Kieron Boyle, Chief Executive, Guy's and St Thomas' Charity
Dec 13, 2019
As the decade draws to a close – by rough estimate, our eighty-sixth decade as a charity – I’ve been reflecting on what’s changed at the Charity over the past ten years, and what that might mean for the next ten.
The core of why and where we do things hasn’t changed and isn’t set to.
Alongside our support for Guy’s and St Thomas’ NHS Foundation Trust, we’ve spent the past ten years interrogating a simple idea: how do you keep people out of hospital in the first place? We’ve explored that in the inner-city London boroughs of Lambeth and Southwark – our home, and some of the UK’s most vibrant and diverse neighbourhoods.
What has evolved is how we go about this and with who. Track back ten years and the Charity was focused on catalysing innovation in health. Common with many other foundations at the time, this was a generalist and responsive strategy and had notable successes, not least SLIC, which was a precursor to many of the models of integrated care being established around the country today.
We learnt, however, that this model had limitations. The trade-off to breadth was a lack of depth and precision. It constrained our ability to iterate, learn and build. A predominant focus on local statutory funders, while important, also had implications for the diversity of perspectives brought to challenges.
The second half of the decade has therefore been characterised by a shift in emphasis. Ultimately, I would like to think that the approach has become more impact-led. As a foundation that worked on over 100 different health issues, we now focus on four. While still being open to applications, we’re more intentional about seeking out and building solutions. We’ve also brought additional partners into the picture – from supermarkets, to pension funds, urban planners, schools, local businesses, faith groups and many more.
Perhaps the biggest shift, though, is how we’ve genuinely tried to place a deeper understanding of people’s experience of health issues – and of health inequalities – at the heart of our work. This more than anything has helped us better understand the world as it is, and think more creatively about the world as it might be.
So what might this mean for the next ten years?
Firstly, expect to see more of us testing, learning and building. We’ll continue to spend time exploring how people and place interact. We’ll seek to understand this within the wider systems that frame our experiences of health, and build collaborations to come at these issues from multiple angles. We’ll test new approaches and use insights from our work to engage decision makers. Done well, it should be a coherent model of learning, acting, influencing and changing.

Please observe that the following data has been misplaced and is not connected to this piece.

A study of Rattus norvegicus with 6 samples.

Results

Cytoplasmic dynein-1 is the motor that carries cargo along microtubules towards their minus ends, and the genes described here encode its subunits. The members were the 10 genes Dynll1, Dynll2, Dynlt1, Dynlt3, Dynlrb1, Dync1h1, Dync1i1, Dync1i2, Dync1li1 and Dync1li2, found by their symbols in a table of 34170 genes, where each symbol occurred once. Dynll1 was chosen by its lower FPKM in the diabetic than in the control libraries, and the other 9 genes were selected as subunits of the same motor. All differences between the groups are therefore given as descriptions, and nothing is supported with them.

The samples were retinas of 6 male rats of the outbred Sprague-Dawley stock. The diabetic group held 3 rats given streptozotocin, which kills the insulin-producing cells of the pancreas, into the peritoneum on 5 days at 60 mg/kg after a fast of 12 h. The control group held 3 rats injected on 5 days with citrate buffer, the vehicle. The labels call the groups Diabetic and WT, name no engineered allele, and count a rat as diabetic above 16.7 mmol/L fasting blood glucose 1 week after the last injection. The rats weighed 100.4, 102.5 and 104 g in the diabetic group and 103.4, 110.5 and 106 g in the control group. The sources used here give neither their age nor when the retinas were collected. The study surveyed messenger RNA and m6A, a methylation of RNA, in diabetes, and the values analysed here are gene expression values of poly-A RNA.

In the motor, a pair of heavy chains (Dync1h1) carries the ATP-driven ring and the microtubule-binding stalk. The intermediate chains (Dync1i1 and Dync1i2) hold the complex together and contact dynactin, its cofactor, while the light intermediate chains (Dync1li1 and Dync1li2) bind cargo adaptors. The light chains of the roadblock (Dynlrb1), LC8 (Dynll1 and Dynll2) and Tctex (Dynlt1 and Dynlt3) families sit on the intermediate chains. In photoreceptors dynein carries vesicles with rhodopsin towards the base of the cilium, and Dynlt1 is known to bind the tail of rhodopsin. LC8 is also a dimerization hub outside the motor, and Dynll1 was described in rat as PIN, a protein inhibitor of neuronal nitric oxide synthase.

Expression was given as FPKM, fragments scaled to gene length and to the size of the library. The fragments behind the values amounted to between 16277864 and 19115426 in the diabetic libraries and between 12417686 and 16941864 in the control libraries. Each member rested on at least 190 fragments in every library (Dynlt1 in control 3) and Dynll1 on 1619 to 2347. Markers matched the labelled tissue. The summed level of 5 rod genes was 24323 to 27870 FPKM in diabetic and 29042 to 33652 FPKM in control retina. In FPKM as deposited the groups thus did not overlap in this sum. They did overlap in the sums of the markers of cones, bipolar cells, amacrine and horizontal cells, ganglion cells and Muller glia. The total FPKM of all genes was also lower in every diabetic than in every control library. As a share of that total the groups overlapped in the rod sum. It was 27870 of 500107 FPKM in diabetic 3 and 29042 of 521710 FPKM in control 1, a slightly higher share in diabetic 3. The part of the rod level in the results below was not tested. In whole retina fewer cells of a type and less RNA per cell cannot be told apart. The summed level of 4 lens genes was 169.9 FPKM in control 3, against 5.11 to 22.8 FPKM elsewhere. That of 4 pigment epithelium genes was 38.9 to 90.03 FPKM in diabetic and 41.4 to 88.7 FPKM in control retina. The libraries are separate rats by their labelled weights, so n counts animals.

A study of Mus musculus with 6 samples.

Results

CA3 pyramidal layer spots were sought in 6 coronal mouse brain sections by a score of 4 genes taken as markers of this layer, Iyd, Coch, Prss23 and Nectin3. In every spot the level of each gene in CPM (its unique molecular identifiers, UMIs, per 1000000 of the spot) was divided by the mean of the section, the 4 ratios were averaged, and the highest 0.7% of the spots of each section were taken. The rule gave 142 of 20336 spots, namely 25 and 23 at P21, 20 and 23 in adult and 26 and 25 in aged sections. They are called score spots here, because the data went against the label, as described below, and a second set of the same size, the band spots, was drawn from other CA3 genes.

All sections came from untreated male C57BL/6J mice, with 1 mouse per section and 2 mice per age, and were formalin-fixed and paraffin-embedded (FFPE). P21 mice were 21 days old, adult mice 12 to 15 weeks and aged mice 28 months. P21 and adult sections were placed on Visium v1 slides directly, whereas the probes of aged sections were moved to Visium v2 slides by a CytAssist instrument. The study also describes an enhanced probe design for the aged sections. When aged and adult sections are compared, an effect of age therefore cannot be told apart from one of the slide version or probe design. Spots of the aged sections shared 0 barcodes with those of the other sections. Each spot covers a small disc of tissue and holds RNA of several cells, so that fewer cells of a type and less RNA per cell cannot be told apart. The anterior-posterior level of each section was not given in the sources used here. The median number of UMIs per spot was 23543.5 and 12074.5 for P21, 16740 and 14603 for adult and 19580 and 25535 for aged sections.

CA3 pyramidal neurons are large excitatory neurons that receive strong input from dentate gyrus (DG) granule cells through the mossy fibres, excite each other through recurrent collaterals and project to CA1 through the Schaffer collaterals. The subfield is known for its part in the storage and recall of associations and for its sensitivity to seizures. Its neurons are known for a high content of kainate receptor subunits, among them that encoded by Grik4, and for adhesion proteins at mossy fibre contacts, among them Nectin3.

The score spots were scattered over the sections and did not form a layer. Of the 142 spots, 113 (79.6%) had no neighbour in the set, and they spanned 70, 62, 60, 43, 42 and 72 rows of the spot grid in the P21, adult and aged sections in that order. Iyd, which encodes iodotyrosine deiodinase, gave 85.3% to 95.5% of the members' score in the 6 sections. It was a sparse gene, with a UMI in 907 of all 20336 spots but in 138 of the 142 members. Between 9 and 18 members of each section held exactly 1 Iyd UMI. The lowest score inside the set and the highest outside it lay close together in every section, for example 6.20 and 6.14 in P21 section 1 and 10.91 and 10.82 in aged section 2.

Secondly, we’ll deepen our work on childhood obesity, multiple health conditions, the health effects of air pollution and adolescent mental health. We’re not looking to add others: these are long-term programmes with long-term goals. The issues themselves are good exemplars of types of urban health challenges – by not only being some of the biggest health challenges in our boroughs, but also significant for other urban areas in the UK and around the world. We think of them, in turn, as coordination, exploration, innovation and targeting questions. As a portfolio they also cause us to engage more fully with the commercial, social, environmental and digital determinants of health – relevant issues to a wide range of audiences.
Thirdly, we will be stepping up how we engage with other cities around the UK and internationally. A clear community of practice is emerging around the field of urban health, focused on how global cities are responding to health inequities caused by global processes. We think our patch of London has quite a bit to contribute to that conversation.
Taken collectively, I hope this paints a picture of how practical work to address local health inequalities can have national, perhaps even global, relevance. I also hope it’s as compelling to others as it is to us – our impact only exists through the work of our partners: existing, new and future.
In summary, over the past ten years we’ve been fortunate to be part of some extraordinary partnerships. We’ve learnt a lot and have much to learn still. Looking at the next ten years, it seems that we’ve got even more to be excited about. Do please get in touch if you’d be interested to share that journey with us.
Chief Executive: Kieron Boyle
04 October, 2019
Our Policy and Partnerships Manager, Rowena Estwick, shares how we're working to understand the opportunities and barriers to equitable health in urban areas, comparing our boroughs to neighbourhoods elsewhere in the world.
24 September, 2019
Our Programme Director, Kate Langford, explores the issue of air pollution in cities, how we can learn from others making headway towards change and the opportunities available to find innovative solutions in London.